Is Liquefied Natural Gas (LNG) the Messiah?

Former managing director of the Jamaica Public Service Company (JPS) and energy consultant, Winston Hay, is a liquefied natural gas (LNG) atheist. That is, he really does not seem to believe that LNG will be the savior of our high-JPS-bills-paying worlds in the way the government is suggesting.

by loswl

In a Guest Column to the Gleaner on Sunday January 29, 2012 Hay writes:

Goingforward, Government has identified liquefied natural gas (LNG) as the preferred substitute for oil as the primary fuel for generating electricity, but expectations that this will substantially reduce fuel costs may be misguided. In the meantime, consumers can take conservation measures to lower their electricity bills.

Energy is one of out top issues

Energy has been an issue that we are keen on here at MoneyMax101 and in the past we have highlighted the basics of Jamaica’s Energy Crisis. Dennis Morrison stated in an article we highlighted that “the choice of natural gas has been based on its high efficiency, lower capital costs, shorter implementation period, and environmental considerations.”

However coal was also presented as a solution. If you recall, he stated

Coal, on the other hand, has advantages of lower price, less market uncertainty and volatility; and there is also the vital factor of abundant supply in proximity to the island. The issue of the environmental impact of burning coal is a disadvantage and control measures would have cost implications. But overall, the advantages still make it an attractive fuel choice for Jamaica.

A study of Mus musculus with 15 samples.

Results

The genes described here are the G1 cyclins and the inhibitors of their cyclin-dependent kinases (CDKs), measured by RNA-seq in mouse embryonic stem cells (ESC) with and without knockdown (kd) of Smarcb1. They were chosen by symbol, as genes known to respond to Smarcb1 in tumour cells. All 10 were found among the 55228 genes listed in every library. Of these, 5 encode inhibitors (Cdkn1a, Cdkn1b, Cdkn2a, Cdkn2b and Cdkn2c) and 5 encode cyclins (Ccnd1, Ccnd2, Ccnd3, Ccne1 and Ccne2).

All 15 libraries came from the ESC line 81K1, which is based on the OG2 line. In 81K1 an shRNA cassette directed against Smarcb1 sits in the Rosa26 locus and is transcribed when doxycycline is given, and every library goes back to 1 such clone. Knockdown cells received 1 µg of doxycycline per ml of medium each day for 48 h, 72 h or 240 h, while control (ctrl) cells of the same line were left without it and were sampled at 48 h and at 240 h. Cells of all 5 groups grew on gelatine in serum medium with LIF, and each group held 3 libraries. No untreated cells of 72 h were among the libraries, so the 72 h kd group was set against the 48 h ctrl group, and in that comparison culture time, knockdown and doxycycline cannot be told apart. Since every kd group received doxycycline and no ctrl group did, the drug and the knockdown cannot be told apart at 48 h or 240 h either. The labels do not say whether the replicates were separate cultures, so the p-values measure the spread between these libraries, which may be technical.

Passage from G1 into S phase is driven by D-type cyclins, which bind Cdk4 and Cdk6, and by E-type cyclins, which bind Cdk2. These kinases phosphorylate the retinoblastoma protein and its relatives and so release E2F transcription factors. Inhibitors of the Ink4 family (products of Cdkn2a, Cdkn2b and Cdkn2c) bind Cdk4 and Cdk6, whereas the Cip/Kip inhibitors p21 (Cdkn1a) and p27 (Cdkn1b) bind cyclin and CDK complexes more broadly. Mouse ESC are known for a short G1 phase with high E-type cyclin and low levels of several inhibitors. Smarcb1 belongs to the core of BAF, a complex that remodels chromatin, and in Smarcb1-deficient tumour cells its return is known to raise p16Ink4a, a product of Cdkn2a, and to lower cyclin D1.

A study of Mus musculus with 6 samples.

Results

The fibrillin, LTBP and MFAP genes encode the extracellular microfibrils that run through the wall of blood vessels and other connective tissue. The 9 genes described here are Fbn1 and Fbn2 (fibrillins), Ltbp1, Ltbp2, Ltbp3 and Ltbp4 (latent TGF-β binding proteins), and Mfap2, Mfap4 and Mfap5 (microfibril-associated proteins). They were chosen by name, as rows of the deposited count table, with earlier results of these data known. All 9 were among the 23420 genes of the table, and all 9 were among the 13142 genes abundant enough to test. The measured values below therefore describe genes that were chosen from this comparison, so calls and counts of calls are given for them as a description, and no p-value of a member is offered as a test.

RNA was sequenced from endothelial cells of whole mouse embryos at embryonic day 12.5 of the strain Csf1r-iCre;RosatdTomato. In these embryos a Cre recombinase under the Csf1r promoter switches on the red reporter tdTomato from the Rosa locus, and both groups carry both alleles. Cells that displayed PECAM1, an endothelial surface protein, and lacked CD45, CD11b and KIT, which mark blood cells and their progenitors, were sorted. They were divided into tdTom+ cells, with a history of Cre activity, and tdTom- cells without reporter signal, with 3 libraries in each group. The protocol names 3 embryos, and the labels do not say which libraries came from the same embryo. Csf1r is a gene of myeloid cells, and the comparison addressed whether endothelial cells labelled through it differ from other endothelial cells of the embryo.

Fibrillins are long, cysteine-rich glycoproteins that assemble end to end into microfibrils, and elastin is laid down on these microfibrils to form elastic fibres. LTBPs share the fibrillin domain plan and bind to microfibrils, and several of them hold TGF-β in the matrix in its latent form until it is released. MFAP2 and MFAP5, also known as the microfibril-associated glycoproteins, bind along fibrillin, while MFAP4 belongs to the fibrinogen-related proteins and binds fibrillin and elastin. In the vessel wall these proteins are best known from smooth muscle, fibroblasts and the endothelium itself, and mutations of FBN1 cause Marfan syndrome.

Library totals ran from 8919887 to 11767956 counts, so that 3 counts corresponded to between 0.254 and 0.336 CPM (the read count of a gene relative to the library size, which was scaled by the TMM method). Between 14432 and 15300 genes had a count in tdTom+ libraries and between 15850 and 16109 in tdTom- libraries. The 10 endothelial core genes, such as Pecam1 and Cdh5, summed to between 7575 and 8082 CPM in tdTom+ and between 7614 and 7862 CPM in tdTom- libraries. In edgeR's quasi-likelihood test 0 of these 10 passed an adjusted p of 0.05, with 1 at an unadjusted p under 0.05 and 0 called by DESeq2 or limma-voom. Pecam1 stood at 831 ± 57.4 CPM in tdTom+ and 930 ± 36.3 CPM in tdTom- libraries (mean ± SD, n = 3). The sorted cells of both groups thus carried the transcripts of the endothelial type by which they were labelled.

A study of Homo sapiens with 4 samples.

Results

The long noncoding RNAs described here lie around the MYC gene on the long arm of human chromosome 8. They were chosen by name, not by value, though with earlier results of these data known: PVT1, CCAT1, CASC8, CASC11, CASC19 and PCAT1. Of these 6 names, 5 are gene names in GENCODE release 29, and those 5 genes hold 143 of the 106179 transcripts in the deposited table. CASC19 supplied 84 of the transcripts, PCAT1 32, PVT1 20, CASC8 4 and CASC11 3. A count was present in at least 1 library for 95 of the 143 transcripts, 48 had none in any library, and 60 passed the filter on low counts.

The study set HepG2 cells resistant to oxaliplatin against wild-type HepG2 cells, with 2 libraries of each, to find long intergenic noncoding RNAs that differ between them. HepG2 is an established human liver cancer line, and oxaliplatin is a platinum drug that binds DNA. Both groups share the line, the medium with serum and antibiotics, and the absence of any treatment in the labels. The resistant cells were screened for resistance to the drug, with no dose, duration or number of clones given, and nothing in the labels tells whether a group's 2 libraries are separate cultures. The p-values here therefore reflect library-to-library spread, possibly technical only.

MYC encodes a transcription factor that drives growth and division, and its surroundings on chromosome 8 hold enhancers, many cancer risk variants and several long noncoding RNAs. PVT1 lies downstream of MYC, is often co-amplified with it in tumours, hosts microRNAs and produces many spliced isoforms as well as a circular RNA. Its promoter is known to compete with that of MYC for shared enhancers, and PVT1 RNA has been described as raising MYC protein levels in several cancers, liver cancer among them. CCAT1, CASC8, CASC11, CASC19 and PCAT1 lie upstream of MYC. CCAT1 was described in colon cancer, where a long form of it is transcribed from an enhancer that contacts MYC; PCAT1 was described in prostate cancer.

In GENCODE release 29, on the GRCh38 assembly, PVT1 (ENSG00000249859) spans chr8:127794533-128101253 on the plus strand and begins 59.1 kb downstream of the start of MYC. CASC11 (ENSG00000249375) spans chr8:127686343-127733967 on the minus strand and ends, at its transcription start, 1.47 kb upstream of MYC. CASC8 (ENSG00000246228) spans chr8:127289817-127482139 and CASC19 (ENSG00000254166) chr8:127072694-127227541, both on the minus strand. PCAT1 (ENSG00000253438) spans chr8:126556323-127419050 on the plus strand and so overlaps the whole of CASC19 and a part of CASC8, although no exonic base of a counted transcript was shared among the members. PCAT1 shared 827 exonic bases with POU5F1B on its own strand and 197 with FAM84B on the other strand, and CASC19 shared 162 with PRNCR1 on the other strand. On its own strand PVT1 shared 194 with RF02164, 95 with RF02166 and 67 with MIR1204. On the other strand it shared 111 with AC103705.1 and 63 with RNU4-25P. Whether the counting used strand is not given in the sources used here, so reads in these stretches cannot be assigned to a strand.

At the end of the day, Jamaica needs to decide and implement an alternative quickly.

Why LNG may not be better after all

Despite the proposed benefits of LNG, the cost of creation, conversion, transportation, and distribution seem to make it much more costly than oil! That’s right, your bills may end up higher, if the government DOES go through with this ‘alternative’. Winston Hay writes,

The problem is that natural gas must first be taken from its source, liquefied by being supercooled to a temperature of -260 degrees Fahrenheit, transported by specialised ocean vessels to Jamaica as LNG, then regasified and pumped from the regasification terminal to the point of usage.

However, JPS’s calculations, and those undertaken by competent independent agencies, indicate that the price of the natural gas delivered to the power stations would be so high that the cost of electricity would be higher than that achieved using coal. Consequently, Jamaicans expecting substantially lower fuel costs by way of LNG may be misguided.

If you have been reflecting on the state of your bill – perhaps you should check out the rest of what he has to say.

Read More


This entry was posted in Macroeconomic and tagged . Bookmark the permalink.